When you find what you’re looking for online, many of us feel a small surge of happiness. Facebook might describe it as a “like.”
The social media giant’s launch of Graph Search on Tuesday may be seen as a way of preventing all those pictures, status updates and other content we upload from becoming as disorganized as the shoe boxes where we once kept our old photos and love letters in a pre-digital era. Unlike searching on the Web, the idea here is to bring up actual results. Use Graph Search to locate a person, for example, and you’ll see Facebook content about that person (as long as it’s been shared with you) rather than the dozen blue links to other sites you might get back via Google.
For Maggie Fox, president of Toronto-based Social Media Group, the notion of more contextual, intuitive means for sifting through Facebook content makes a lot of sense.
“It feels really geared to how people use the platform, which is increasingly mobile,” she said.
This is an important point. Google, among others, has been criticized for failing to deliver an exceptional mobile search experience. Meanwhile, services like Yelp allow users to track down information about local businesses, while Apple’s Siri technology on the iPhone allows for more voice-activated search. As consumers increasingly seek out more information while on the move, Facebook Graph Search will need to keep up.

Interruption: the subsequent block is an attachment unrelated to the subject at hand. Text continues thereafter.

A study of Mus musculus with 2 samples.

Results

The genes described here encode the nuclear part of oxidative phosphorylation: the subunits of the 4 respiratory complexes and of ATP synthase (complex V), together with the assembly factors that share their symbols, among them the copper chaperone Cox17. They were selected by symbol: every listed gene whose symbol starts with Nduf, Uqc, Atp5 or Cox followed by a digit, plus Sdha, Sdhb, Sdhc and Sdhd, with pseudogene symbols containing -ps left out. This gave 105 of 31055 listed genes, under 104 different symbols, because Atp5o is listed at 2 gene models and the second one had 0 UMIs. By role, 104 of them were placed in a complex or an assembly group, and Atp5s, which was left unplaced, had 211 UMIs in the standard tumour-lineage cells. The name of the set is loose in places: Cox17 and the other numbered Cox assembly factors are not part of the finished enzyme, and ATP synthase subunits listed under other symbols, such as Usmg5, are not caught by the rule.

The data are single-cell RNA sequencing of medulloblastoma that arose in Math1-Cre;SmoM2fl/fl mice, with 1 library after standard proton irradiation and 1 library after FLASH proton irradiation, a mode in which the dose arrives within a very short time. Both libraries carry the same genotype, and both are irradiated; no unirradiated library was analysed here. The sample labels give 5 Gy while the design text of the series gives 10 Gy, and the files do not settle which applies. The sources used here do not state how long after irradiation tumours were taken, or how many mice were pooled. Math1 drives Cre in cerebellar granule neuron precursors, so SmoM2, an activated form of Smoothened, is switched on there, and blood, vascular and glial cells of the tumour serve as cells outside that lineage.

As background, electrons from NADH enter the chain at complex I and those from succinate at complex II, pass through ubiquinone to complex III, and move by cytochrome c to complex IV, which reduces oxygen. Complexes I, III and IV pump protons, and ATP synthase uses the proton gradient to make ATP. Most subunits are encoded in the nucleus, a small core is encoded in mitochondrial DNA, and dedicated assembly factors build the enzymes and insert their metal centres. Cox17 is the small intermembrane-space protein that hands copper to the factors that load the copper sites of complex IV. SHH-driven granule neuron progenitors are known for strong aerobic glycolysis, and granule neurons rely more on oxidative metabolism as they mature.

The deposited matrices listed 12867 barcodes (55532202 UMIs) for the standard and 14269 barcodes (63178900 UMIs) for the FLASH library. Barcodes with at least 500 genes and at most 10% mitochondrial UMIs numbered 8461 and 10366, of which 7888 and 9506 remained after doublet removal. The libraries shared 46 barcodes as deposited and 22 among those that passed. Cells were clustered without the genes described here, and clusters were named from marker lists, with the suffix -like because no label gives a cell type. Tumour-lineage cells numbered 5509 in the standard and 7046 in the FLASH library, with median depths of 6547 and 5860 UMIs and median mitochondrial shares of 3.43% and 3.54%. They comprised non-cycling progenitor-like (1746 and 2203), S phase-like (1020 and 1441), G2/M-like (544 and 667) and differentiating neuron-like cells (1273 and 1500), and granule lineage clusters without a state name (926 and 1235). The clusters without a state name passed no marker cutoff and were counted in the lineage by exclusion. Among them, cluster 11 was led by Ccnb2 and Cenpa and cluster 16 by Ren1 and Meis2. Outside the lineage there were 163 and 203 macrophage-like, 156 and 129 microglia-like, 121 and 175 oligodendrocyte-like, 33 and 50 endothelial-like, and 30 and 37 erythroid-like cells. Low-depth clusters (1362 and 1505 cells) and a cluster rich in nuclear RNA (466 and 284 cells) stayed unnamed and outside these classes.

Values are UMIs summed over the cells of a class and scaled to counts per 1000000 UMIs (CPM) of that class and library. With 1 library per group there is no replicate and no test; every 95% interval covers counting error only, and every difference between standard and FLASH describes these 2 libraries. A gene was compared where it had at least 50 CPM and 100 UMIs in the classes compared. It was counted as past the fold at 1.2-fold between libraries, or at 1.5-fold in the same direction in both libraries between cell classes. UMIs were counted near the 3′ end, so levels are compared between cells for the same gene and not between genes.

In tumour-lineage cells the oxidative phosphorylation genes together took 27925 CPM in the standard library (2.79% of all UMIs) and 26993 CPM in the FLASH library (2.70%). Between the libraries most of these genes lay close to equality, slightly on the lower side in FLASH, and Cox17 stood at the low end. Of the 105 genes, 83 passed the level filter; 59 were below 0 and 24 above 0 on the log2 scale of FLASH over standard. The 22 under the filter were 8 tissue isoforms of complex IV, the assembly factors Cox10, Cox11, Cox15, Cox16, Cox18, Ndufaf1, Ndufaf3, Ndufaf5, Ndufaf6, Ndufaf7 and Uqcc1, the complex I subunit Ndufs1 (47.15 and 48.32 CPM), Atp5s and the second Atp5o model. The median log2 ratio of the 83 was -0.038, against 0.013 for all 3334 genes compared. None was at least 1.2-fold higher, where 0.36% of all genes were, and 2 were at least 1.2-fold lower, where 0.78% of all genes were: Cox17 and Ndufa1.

On the other hand, the average Facebook user may also need to develop new skills in search in order to use such services effectively. In the press conferencing announcing Graph Search, Facebook CEO Mark Zuckerberg and his team suggested that entering simple keywords may not be effective in delivering the kind of results that people expect. Instead, we may have to start using actual sentences to make our queries, treating Facebook less like a piece of software and more . . . well, like a friend.
“The way we search will absolutely change, based on the platform, based on the usage,” said Fox. “When you look at the types of data on Facebook, you’re searching for a human, an incident, a moment in time as opposed to text.”
As Fox pointed out, today’s search engines largely work by reverse-engineering the search engine optimization (SEO) that’s built into many Web sites. In other words, many companies build in specific terms into their Web pages so services like Google will bring them up in search results. That could soon be a tired approach.
Facebook Graph Search will also test the uncertain boundaries between the information contained on social media services and those available on the public Web. Anything Graph Search can’t find, in this case, will be sent as a query to Microsoft’s Bing search engine. The goal here, however, will be to satisfy most users without taking them back outside. As far as Zuckerberg is concerned, it’s Facebook’s world. We’ll just search in it.